Introduction to Programming Language C

C is a Procedural programming language.  It was mainly developed as a system programming language to write operating system. The main features of C language include low-level access to memory, simple set of keywords, and clean style, these features make C language suitable for system programming like operating system or compiler development.
Many later languages have borrowed syntax/features directly or indirectly from C language. Like syntax of Java, PHP, JavaScript and many other languages is mainly based on C language. C++ is nearly a superset of C language.

C was originally developed by Dennis Ritchie between 1969 and 1973 at Bell Labs, and used to re-implement the Unix operating system. It has since become one of the most widely used programming languages of all time, with C compilers from various vendors available for the majority of existing computer architectures and operating systems. C has been standardized by the American National Standards Institute (ANSI) since 1989 and subsequently by the International Organization for Standardization(ISO).

C is an imperative procedural language. It was designed to be compiled using a relatively straightforward compiler, to provide low-level access to memory, to provide language constructs that map efficiently to machine instructions, and to require minimal run-time support. Despite its low-level capabilities, the language was designed to encourage cross-platform programming. A standards-compliant C program that is written with portability in mind can be compiled for a very wide variety of computer platforms and operating systems with few changes to its source code. The language has become available on a very wide range of platforms, from embedded microcontrollers to supercomputers.


History of c
History of c

The origin of C is closely tied to the development of the Unix operating system, originally implemented in assembly language on a PDP-7 by Dennis Ritchie and Ken Thompson, incorporating several ideas from colleagues. Eventually, they decided to port the operating system to a PDP-11. The original PDP-11 version of Unix was developed in assembly language. The developers were considering rewriting the system using the B language, Thompson's simplified version of BCPL. However B's inability to take advantage of some of the PDP-11's features, notably byte addressability, led to C. The name of C was chosen simply as the next after B.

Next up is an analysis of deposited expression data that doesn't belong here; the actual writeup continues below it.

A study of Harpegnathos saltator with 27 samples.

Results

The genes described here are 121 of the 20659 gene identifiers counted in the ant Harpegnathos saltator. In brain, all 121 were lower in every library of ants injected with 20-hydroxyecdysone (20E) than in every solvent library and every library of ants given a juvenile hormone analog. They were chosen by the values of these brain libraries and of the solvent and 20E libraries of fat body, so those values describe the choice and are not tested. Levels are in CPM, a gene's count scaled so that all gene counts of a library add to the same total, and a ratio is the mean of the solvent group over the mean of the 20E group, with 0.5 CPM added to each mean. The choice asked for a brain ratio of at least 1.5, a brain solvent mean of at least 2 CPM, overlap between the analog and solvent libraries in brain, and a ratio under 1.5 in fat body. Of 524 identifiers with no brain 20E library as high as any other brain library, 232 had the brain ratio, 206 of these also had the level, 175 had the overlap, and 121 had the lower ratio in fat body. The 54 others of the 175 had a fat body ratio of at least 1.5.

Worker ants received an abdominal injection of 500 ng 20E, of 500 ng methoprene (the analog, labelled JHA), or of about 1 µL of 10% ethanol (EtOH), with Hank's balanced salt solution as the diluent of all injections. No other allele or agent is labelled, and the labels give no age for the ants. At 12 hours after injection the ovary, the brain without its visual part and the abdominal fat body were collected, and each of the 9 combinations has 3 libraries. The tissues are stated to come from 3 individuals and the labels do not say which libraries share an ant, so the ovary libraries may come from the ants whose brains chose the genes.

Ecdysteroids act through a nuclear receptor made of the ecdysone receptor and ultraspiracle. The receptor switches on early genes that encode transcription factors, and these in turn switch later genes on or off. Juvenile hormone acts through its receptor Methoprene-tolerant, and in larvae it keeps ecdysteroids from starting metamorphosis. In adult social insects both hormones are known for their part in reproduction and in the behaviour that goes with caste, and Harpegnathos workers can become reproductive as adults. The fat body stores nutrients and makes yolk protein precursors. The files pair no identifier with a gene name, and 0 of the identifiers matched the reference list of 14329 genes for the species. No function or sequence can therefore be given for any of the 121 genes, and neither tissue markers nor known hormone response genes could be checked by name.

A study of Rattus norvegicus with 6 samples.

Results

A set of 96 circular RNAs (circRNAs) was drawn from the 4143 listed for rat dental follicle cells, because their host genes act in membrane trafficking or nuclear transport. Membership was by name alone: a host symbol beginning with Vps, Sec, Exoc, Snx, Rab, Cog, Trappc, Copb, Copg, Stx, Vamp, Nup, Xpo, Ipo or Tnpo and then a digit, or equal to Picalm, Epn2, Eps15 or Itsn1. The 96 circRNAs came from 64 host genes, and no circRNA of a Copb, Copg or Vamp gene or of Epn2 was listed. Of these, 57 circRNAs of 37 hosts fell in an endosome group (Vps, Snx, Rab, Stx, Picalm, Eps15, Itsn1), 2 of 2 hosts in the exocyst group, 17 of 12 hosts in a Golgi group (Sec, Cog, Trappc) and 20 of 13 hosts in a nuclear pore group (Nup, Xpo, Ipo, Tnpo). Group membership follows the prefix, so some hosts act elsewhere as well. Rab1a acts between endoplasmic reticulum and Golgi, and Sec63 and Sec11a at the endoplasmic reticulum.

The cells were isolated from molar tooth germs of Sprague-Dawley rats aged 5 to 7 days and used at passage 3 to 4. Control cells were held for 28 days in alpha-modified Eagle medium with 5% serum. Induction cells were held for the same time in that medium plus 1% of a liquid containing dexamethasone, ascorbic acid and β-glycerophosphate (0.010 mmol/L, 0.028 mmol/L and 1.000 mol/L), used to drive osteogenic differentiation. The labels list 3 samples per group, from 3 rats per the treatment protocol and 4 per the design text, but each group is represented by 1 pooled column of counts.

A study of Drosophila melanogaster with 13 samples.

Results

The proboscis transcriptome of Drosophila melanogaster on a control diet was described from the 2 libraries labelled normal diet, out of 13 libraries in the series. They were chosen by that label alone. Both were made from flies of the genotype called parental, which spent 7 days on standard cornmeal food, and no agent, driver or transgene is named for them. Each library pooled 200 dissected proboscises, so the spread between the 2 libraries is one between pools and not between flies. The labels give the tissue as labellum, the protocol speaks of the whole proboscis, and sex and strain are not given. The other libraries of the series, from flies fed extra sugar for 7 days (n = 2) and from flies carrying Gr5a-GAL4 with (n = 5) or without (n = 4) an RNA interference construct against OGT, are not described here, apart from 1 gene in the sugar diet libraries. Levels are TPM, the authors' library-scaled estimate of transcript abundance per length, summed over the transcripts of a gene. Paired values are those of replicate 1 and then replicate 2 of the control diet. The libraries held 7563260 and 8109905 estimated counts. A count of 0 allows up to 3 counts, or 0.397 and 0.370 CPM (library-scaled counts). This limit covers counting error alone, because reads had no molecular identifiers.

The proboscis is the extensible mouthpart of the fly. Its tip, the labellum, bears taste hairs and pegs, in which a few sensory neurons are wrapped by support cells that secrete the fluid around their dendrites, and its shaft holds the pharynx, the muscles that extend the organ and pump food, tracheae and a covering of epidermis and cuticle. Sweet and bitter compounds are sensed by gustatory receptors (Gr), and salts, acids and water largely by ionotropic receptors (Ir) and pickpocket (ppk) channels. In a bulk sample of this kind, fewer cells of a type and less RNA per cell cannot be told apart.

The development of C started in 1972 on the PDP-11 Unix system and first appeared in Version 2 Unix. The language was not initially designed with portability in mind, but soon ran on different platforms as well: a compiler for the Honeywell 6000 was written within the first year of C's history, while an IBM System/370 port followed soon.

Also in 1972, a large part of Unix was rewritten in C. By 1973, with the addition of struct types, the C language had become powerful enough that most of the Unix kernel was now in C.

Unix was one of the first operating system kernels implemented in a language other than assembly. Earlier instances include the Multics system (which was written in PL/I) and Master Control Program (MCP) for the Burroughs B5000 (which was written in ALGOL) in 1961. In around 1977, Ritchie and Stephen C. Johnson made further changes to the language to facilitate portability of the Unix operating system. Johnson's Portable C Compiler served as the basis for several implementations of C on new platforms.